Be Awesome

Look, our forefathers died for the "pursuit of happiness," okay? Not for the "sit around and wait of happiness." Now if you want, we can go to the same bar, drink the same beer, talk to the same people every day or you can lick the Liberty Bell. You can grab life by the crack and lick the crap out of it.
--Barney (HIMYM)

Tuesday, July 19, 2011

Advice for Foreign Service Officers

Throughout orientation, lectures, emails, and meetings, I've come across a multitude of advice and words of wisdom for Foreign Service Officers.  Here's a compilation of some of the remarks I particularly like.

Work Related:
  • Be flexible and contribute where you can.  Perform every task professionally and positively.  Always make yourself useful.
  • Be relevant to broader concerns. Contribute to US foreign policy as related to development, work toward the greater good, and contribute to overall objectives.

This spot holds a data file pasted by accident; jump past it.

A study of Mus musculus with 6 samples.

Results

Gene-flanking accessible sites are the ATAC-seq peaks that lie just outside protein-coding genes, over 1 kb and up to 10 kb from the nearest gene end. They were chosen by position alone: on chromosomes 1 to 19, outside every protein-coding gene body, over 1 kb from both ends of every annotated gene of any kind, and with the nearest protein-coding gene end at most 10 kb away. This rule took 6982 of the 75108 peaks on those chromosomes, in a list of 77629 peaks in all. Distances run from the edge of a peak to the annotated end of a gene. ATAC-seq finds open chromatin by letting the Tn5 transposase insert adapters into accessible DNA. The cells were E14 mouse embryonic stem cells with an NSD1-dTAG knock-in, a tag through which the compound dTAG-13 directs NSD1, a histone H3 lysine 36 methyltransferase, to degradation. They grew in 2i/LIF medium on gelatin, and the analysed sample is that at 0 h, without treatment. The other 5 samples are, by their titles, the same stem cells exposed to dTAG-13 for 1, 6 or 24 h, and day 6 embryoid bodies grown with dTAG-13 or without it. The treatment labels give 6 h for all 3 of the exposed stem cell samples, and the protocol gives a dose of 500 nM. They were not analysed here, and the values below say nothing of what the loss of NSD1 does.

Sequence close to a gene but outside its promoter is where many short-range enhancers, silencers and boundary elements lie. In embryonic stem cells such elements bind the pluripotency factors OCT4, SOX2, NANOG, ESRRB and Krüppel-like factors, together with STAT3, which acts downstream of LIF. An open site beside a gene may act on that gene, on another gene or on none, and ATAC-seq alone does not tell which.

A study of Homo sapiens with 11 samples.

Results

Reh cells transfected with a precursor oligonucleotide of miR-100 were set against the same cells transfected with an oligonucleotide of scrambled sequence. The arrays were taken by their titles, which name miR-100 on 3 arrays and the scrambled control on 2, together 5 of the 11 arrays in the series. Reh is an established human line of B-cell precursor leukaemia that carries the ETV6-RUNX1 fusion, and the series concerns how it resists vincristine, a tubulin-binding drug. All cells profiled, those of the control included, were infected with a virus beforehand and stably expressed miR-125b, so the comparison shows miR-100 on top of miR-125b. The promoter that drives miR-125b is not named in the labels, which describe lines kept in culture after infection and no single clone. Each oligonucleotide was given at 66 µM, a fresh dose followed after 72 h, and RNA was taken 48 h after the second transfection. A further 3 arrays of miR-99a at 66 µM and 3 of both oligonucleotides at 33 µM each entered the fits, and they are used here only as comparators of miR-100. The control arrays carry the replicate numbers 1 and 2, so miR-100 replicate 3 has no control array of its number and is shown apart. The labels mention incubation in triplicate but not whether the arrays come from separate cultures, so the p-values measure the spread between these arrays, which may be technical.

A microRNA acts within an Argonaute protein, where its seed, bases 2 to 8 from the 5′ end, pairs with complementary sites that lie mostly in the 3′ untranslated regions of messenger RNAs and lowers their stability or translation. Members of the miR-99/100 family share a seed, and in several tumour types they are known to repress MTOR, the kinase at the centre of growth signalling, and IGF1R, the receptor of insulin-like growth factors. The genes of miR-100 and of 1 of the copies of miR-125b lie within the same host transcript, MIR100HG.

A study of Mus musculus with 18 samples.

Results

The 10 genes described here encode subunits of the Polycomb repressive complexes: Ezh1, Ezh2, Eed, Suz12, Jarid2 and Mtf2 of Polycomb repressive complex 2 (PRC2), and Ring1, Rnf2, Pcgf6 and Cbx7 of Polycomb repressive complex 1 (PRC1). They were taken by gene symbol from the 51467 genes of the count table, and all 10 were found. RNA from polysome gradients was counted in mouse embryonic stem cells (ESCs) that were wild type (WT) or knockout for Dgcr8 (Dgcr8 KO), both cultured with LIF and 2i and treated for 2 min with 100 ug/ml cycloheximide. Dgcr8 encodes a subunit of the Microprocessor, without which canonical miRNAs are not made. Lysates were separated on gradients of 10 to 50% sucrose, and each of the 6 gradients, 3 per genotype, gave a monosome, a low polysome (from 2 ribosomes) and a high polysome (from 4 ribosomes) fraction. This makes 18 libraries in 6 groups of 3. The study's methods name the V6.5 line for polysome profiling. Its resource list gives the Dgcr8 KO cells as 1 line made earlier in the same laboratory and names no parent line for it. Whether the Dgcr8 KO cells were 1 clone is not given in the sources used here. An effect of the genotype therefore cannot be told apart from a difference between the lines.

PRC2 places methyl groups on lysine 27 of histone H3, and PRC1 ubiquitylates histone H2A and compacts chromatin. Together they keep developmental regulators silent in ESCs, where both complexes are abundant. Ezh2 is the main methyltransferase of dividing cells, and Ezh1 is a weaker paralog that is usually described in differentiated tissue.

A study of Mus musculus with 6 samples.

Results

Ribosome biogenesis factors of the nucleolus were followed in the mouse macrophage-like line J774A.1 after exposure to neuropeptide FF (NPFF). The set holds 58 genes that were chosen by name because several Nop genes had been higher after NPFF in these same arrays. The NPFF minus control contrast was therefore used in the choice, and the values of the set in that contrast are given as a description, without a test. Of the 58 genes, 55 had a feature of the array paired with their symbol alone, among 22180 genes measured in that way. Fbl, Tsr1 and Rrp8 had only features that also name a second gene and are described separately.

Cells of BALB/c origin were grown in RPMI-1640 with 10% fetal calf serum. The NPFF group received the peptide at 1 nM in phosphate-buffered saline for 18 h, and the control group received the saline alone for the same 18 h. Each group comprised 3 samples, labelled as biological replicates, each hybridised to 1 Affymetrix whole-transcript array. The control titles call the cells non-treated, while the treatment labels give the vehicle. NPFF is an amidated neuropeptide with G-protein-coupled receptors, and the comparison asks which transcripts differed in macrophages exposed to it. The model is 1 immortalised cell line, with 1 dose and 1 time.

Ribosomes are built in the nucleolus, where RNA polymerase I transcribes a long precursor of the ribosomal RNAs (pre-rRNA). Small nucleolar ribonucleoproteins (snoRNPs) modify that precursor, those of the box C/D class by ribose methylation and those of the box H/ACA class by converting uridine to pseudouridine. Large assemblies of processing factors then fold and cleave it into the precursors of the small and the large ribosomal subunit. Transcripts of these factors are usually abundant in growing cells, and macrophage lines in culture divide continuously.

• Learn budget, financial management, programming, and executive correspondence.  These are critical skills, the vegetables that will make you strong.
  • Work well in interdisciplinary teams.  Translate skills and expertise to be relevant to others.
  • Gain an expertise in a technical area.  Be an expert and the "go-to" person.  Read.
  • Establish a network of "go-to" people.  (FSNs, other FSOs, Exos, contacts in DC, etc.)

  • Broaden contacts and establish relationships within the embassy, with the host country, and with business leaders and representatives.
  • Exercise intellectual curiosity.  Share the excitement of this field of work.
  • Challenge oneself and take responsibility for difficult tasks.
  • Take charge of your own career and direction.  Only you will look out for your best interests.
  • Seek mentors and mentor others.
  • Don't assume the system works efficiently or should be the way in the previous place you worked.  Understand the culture, build relationships, and improve things.
  • Always be a diplomat, 24/7, in professional and personal affairs.  Understand that responsibility.
  • Don't succumb to inappropriate behavior, even if you see it around you (and not penalized).
  • Don't lose sight of what you joined the Foreign Service to do.
And lastly, the advice that was given the first day we started and has been repeated consistently throughout is to manage your reputation.  It is one of the most valuable assets.  How one is known to operate can be as important as to what one does.